Gabriel Presley’s review published on Letterboxd:
Over the last month or so I’ve been becoming more worn out with the unhinged feeling I have to analyse a film I see, thus my reviews tend to be a dumb thing I noticed or saw. Maybe this is the fact I have to do this as part of school now, as I’ve put an extraordinary amount of effort into the colours of Trainspotting and Pans Labyrinth and now watching a film that also deserves that level of dissection is an escape from introspection.
This movie has broken free of that
I didn’t know much going into this film, only that it’s french and about police (a synopsis that barely scratches the surface). But after watching it seems to be a blend of two of my favourites, Do The Right Thing (through general structure and themes) and Before Sunrise (the Paris section albeit with a much darker tone). Those two films are a basic analogy of the style and tone of this film, and to someone who likes either one of those, perfectly shows how this is an inescapably impeccable film.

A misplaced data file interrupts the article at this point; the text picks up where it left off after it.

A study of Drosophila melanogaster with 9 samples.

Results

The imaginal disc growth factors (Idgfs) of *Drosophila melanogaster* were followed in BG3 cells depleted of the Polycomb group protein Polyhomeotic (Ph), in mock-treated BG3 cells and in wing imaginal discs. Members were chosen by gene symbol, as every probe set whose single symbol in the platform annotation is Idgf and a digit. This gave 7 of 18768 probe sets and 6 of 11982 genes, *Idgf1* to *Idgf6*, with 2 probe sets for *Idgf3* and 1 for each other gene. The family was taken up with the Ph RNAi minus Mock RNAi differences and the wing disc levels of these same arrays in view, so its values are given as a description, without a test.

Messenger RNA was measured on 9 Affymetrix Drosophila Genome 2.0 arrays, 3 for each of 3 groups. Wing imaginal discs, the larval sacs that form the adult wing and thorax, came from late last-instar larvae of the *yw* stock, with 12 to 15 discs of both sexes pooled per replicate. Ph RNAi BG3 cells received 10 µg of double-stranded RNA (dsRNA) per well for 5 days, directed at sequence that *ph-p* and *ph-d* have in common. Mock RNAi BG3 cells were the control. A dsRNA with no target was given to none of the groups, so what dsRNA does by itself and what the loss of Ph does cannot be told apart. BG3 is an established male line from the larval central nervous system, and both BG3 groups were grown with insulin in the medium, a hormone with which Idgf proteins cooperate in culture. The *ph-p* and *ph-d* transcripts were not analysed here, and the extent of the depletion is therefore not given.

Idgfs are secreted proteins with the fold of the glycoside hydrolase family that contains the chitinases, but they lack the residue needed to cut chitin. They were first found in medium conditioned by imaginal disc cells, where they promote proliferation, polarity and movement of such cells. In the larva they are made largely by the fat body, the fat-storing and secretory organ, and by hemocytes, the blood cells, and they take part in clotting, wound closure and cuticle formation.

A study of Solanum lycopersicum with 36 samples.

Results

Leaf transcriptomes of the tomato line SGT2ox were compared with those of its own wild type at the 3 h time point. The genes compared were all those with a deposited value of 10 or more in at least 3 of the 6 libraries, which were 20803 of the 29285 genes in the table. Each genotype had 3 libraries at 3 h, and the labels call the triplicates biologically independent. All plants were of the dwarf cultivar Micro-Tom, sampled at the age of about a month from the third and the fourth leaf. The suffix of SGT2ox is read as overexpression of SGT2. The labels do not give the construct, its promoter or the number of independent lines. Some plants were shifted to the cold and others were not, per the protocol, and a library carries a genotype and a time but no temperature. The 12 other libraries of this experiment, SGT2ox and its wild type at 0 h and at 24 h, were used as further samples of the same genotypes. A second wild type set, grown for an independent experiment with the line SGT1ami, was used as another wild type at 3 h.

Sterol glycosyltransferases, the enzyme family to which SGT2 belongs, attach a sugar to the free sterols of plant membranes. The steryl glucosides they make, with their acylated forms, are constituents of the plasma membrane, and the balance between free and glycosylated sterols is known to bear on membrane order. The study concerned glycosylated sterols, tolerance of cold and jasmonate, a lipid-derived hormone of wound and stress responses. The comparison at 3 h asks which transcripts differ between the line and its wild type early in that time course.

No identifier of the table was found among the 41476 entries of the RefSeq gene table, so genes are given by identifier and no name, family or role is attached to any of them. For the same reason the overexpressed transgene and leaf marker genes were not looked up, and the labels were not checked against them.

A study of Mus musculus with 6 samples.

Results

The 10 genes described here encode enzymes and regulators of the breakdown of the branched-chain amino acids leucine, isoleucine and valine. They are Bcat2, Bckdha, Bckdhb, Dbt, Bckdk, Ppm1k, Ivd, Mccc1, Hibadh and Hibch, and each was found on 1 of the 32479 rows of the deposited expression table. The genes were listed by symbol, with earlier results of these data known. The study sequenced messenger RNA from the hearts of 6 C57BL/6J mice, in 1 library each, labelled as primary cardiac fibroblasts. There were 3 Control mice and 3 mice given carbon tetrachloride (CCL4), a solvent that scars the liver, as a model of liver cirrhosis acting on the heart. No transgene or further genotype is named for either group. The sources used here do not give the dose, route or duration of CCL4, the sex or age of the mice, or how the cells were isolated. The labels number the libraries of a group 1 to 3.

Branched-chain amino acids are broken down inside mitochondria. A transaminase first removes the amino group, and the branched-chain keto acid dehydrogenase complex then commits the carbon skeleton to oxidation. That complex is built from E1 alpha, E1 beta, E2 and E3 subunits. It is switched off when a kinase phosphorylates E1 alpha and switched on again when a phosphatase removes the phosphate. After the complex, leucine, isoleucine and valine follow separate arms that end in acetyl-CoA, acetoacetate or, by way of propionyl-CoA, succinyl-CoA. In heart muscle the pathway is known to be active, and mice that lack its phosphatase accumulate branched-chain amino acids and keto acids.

However there’s something more loose that connects this film with another, one which may explain its escape from my fatigue with analysis, Trainspotting. This film feels like a extension of Trainspotting’s extension of Pulp Fiction, a french view that takes the lessons about society, the fucked up but humanised characters, and brings it to a new context that in my opinion is more timeless.
La Haine presents to you this world, a world that may be close to you or far, and makes it a world you understand and believe within minutes. You follow three characters that exemplify the downtrodden and the manipulated, giving you a true sense into how and why an underrepresented youth turn. Just like Mookee, Hubert shows how the moral high ground is eroded by the racism and systematic oppression that is faced in society and how the life of Vinz is truly inescapable.
Oppression is shown throughout in all levels of creation. The grainy black and white film shows a lack of freedom with colour, the lack of money and backing these people face, as well as societies black and white perspective of these people. The scattered loose structure, editing and direction highlight the lack of control with the narrative hook of the time posing the idea of normality in this chaos.